For those who haven’t figured it out yet, our financial markets are laughable. The last collapse, that began in 2007, scared many away. But, it’s actually the recent rise over the last 4-6 months which has me more concerned. You see, there’s no rhyme or reason as to why the Dow Jones Index and others continue to climb steadily.
Sure, jobs are coming back slowly. And, there seems to be a more optimistic view that our economy will become a tad healthier in 2011. But, none of this was apparent in the third and fourth quarters of 2010 when the Dow Jones Average jumped from a miserly low of 9,500 points to over 11.500 by the end of last year. And, every day we still see plenty of negative indicators largest public companies and state and local governments that all isn’t well from a growth standpoint.
My feeling is that for the average Joe, investing in our financial markets is no different than playing craps or blackjack in a casino. The only real distinction (and positive) with playing blackjack or craps at a casino is that a player can actually understand what his/her odds are to win (even though those chances might be ever so small). For the average investor, the belief that a level playing field existed used to provide a lot of comfort. Most felt that they would be taken care of in the long run if they invested in fairly safe and conservative bets over their working lives. We all know now that this belief is nothing more than a mirage. The reality is that huge institutional forces can (and will) coerce excess and greed into almost any investment marketplace. Because of this, no one individual investor can ever truly feel confident that his/her portfolio will be safe, or far worse, when the markets might simply crash again.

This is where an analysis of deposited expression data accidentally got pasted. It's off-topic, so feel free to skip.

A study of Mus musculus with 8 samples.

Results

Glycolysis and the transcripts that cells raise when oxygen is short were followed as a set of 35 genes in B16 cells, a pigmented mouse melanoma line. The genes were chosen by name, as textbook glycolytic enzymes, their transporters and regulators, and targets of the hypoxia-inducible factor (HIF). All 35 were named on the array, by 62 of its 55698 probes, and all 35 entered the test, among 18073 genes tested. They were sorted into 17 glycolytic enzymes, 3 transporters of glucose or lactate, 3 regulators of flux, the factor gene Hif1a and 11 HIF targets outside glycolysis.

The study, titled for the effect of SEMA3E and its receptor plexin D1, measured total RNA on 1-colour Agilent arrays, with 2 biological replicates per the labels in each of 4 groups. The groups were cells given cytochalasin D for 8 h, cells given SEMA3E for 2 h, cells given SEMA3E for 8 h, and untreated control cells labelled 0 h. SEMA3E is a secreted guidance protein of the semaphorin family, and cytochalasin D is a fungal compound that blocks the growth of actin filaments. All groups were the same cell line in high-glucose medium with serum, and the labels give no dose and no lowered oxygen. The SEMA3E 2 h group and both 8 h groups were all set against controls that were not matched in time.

Yet, it’s pretty ironic that most of continue to operate in a mindless sheep-like fashion. We herd once again in packs to these same stocks, bonds, mutual funds and other investments. We all seem to have incredibly short memories because everyone is feeling pretty darn good now. Why not…the markets and our investment portfolio values continue to grow each and every month. So, on paper, everything looks wonderful again.
So, what’s a person supposed to do? Most working Americans use their 529 and 401k plans as the number one vehicle to save for college and retirement. I’m no financial expert, but it is easy to see that without year to year gains in tax free (or tax deferred) investments in these types of products, it would be almost impossible to save enough money for critical long term needs. Of course, this is a double edged sword because all that money invested may not be worth much of anything in three, five or nine years when the market quite possibly crashes again.
This reality is truly an untenable enigma (at least in my mind). The only seemingly rational move I can think of is to diversify whatever wealth/money one has into a variety of different investments (like real estate and plain old savings accounts) and to become that much wiser to any situation where our markets are rising too quickly for no apparent logical reason. Apart from that, we all need to never forget that anything that looks or feel too good to be true, is just that. So, don’t get hoodwinked again into believing that our financial markets are anything more than organized gambling.